I had the opportunity to speak to a young woman who was feeling a bit weird about someone who kept following her. The more I talked with her, the more it was apparent that this guy was a little odd in how he approached girls he was attracted to.
Although it turned out he was just a little socially inept, it still left the young woman very uncomfortable and feeling like she was being stalked. He didn’t realize it, but instead of being seen as Don Juan on a white horse, he came across more like Freddy Krueger on a basilisk. In this day and age, we should all be aware of our surroundings and watch out for odd behavior. Is that guy or girl who has been following you for the last month just shy? Or is that old boy or girlfriend just not wanting to let you go?
How are you perceived by that guy or girl you are admiring from afar? Are you more of a Don Juan or a Hannibal Lecter? Let’s take a little test. If you answer yes to, oh let’s say, one or more of these, you might wish to reconsider your slick romantic moves.
You might be a stalker if: You have more of her used socks than she does; the last batch of roses you sent included a small dead animal to show your “undying” love; the last date she went on included you, but in a separate car desperately trying to keep up, and a lot of ducking out of sight; your love letters to her begin with the phrase “I’m watching you;” your love letters end with the phrase, “If I can’t have you, no one can;” or if your idea of a date includes flowers, candy, a candlelit dinner and a straw dummy with a picture of your “true” love’s face glued on it. You’re also at risk for being a stalker if: She often talks of you with her friends, but your name is “that weird guy”; your most in-depth, open-hearted, soul-searching conversation with her included your asking, “Would you like fries with that?” both of the bedrooms in your apartment are used for displaying “loving memorabilia” and you sleep in a bathtub; or you had to think hard to come up with a reason why you “coincidentally” bumped into her at her gynecologist’s office.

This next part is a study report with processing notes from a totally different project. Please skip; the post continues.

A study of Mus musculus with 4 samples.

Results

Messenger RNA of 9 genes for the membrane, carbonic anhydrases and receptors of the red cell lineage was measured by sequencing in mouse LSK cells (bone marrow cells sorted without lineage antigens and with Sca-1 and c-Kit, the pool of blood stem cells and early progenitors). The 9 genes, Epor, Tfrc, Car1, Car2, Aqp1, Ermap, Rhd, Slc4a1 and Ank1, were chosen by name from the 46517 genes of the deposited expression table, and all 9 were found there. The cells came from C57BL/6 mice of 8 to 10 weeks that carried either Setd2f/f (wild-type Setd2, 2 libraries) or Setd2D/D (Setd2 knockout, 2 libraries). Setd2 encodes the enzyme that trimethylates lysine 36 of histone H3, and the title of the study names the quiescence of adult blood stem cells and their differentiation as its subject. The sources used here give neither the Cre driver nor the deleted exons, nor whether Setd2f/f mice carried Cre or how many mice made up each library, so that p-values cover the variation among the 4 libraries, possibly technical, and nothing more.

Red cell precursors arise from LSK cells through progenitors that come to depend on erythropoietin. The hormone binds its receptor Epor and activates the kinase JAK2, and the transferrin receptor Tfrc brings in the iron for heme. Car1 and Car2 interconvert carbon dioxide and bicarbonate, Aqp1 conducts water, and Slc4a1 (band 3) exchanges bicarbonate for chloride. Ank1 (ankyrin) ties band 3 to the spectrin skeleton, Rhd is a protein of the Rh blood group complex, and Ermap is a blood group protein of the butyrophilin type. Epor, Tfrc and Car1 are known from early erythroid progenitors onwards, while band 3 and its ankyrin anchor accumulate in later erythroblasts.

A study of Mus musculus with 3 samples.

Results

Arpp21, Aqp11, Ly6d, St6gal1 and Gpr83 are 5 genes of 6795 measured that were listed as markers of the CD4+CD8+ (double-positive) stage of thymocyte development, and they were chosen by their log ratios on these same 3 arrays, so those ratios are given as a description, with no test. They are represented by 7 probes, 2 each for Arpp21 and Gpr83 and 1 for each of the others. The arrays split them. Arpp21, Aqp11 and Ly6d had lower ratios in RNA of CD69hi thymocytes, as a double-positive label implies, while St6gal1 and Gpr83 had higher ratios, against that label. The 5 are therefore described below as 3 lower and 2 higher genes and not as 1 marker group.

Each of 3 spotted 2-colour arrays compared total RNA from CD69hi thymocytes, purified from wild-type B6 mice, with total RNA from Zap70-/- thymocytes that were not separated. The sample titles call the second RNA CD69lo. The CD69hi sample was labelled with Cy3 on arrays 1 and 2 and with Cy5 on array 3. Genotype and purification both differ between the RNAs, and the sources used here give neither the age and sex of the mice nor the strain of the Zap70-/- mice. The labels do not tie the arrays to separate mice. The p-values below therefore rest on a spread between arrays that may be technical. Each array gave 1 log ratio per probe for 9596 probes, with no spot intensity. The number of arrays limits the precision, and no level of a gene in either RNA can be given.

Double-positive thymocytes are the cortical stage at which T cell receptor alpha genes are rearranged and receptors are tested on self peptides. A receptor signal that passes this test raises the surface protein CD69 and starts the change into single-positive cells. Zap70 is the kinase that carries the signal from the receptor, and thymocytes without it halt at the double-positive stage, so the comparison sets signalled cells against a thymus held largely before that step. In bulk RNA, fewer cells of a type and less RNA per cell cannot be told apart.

But seriously, when you talk to someone who has been stalked, you see some of the fear that they live with all day, every day. Maybe the person “stalking” doesn’t mean any harm and is just really shy, or lacks social skills, but how do you know that? It’s not like someone could have gone up to Richard “The Night Stalker” Ramirez and made everything all better with a hug and a “how are you doing, Rich?” Scary is scary, whether intended or not. No one should have to live feeling like they’re being watched or followed.
If you feel you are being stalked, or even if you just aren’t sure, call either your local police at (805) 893-3446 and talk to an officer, or call the UCSB Women’s Center at (805) 893-3778. Talk to someone about what’s happening and let’s work on creating a safe environment for everyone.